A Civil War memorial statue at the University of North Carolina at Chapel Hill was found vandalized Sunday morning with the words "black lives matter."

The statue, known as Silent Sam, was erected in 1913 as a monument to 321 alumni who died in the Civil War and students who joined the Confederate Army, according to the university's website.

Vandals used black spray paint to deface the statue, which also had the words "KKK" and "murderer" written on it. No suspects or arrests have been made.

Rick White, the school's associate vice chancellor of Communications and Public Affairs, released the following statement Sunday:

"We understand that the issue of race and place is both emotional and, for many, painful. Carolina is working hard to ensure we have a thoughtful, respectful and inclusive dialogue on the issue," he said. "The extensive discussions with the Carolina community this past year by the Board of Trustees and University leadership, and the work we will be doing to contextualize the history of our campus is a big part of advancing those conversations. We welcome all points of view, but damaging or defacing statues is not the way to go about it."

The graffiti sparked debate among some in the campus community about whether the statue should be removed.

"I agree black lives do matter," student Ishmael Bishop said. "I am excited that there are students or community members who feel the same way I do, that Confederate monuments on our campus (are) offensive."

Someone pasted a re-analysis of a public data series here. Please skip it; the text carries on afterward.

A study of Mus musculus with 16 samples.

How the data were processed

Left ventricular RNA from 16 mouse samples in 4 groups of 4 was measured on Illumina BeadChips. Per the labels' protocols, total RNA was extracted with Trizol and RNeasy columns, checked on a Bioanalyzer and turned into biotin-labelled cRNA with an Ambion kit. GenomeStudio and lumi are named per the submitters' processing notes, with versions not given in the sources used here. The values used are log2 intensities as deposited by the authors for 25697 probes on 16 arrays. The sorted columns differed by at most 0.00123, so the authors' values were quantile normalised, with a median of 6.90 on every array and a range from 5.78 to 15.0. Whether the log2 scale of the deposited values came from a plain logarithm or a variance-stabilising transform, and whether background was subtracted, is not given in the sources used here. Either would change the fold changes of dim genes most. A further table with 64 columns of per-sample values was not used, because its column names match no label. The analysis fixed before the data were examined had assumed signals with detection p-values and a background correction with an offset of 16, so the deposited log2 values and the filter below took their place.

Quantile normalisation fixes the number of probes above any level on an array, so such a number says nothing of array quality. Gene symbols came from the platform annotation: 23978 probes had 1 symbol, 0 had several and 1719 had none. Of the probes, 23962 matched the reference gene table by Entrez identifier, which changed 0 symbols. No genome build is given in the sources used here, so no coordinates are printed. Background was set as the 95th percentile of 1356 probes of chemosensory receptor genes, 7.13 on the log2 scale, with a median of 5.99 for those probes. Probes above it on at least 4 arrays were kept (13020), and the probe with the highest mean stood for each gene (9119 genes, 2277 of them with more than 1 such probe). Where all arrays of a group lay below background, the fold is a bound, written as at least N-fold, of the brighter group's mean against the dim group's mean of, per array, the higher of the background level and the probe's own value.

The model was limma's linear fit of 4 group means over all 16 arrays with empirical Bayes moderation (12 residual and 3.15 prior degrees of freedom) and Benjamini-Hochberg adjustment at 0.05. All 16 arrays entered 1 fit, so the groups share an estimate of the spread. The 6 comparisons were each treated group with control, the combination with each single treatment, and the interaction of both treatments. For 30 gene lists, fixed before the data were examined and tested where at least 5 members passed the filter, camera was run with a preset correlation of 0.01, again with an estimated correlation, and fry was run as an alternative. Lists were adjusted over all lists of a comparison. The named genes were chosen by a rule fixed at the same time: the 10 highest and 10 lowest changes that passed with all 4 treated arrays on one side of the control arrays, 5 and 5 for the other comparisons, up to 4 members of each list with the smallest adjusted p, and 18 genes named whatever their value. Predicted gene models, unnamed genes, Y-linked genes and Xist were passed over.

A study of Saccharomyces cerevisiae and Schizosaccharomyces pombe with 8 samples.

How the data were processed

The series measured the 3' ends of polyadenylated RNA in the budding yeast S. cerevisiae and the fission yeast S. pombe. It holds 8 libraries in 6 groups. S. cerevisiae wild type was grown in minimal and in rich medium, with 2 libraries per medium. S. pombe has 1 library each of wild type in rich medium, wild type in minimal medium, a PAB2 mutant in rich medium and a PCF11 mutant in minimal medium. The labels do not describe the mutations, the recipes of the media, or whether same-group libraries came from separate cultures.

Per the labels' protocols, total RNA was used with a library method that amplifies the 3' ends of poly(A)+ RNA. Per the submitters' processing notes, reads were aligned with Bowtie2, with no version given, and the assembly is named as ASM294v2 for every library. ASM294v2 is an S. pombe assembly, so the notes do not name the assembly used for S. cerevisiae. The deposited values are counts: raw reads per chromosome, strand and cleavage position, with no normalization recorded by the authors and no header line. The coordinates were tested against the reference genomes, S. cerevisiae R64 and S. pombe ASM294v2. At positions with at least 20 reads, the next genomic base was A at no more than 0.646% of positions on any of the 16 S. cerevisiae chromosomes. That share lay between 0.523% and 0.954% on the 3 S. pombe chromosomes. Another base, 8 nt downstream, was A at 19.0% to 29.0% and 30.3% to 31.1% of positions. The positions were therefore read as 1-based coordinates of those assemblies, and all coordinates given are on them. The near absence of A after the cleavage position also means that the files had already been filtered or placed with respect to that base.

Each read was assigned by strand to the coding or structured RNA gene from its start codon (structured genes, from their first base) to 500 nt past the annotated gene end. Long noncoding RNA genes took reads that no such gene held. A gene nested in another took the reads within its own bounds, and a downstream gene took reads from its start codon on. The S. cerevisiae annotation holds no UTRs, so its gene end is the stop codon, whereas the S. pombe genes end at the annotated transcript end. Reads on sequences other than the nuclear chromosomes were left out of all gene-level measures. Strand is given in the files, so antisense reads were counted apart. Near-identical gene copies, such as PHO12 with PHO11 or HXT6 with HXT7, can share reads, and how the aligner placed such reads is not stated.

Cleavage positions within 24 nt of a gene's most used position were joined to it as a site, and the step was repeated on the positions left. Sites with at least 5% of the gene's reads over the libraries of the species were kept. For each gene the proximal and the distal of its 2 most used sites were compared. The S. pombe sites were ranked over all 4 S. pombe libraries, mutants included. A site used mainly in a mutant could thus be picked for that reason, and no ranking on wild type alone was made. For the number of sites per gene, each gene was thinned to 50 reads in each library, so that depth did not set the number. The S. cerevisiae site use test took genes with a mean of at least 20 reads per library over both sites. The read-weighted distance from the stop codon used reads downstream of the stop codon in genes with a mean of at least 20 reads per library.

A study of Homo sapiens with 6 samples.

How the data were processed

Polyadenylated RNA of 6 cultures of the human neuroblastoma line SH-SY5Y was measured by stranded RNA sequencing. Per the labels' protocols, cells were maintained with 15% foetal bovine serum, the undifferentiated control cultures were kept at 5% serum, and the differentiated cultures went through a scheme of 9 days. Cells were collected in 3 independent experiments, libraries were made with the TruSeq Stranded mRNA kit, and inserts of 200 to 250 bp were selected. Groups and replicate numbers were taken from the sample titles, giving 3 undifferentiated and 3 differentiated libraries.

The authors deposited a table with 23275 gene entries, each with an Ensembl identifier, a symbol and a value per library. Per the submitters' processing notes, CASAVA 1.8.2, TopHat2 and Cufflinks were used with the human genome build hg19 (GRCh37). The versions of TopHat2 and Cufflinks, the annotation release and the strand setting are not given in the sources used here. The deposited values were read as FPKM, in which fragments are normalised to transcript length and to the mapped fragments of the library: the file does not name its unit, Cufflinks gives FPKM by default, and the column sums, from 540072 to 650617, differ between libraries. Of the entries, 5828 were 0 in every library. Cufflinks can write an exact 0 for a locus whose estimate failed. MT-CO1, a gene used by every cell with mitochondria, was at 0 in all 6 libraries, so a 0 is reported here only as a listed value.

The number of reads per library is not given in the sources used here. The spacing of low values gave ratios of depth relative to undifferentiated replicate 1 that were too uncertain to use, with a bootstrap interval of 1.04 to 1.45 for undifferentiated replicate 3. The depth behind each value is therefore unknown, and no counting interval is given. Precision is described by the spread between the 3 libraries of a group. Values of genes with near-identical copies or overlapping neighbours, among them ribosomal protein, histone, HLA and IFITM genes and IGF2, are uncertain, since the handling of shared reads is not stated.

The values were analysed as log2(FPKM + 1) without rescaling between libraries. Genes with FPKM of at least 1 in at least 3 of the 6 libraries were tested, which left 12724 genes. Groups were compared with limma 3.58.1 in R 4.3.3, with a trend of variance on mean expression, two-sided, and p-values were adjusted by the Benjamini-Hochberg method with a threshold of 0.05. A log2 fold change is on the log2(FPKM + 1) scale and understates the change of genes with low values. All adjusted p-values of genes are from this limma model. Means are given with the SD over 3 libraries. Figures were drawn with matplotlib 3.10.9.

He said the person or persons responsible for the vandalism chose to make a statement.

"We send emails and we write letters, and sometimes those emails are ignored and sometimes those letters aren't opened,"Bishop said. "This is a statement. This is one way to do it. Property can be cleaned."

Alumnus Kevin Murach said he never paid much attention to the statue when he was on campus.

"I certainly don't endorse people doing graffiti in any capacity because it's defacing public property, which is illegal," he said. "But I suppose I can appreciate that people are frustrated by a statue that's commemorating something related to the confederacy."

Xavier Robertson, who interns at the school, said he sees the tagging as a "really deep message."

"I just feel like it's a slap in the face," he said of the statue. "I definitely would like, for one, for people to know who this guy was, and then, two, for the statue to be removed."

Last week, a monument in Maplewood Cemetery in Durham honoring local Confederate soldiers was similarly vandalized.

"Black Lives Matter" and "Tear It Down" were spray-painted on the granite marker, which was put up in May to honor all veterans who fought for the Confederacy in the Orange County area during the Civil War.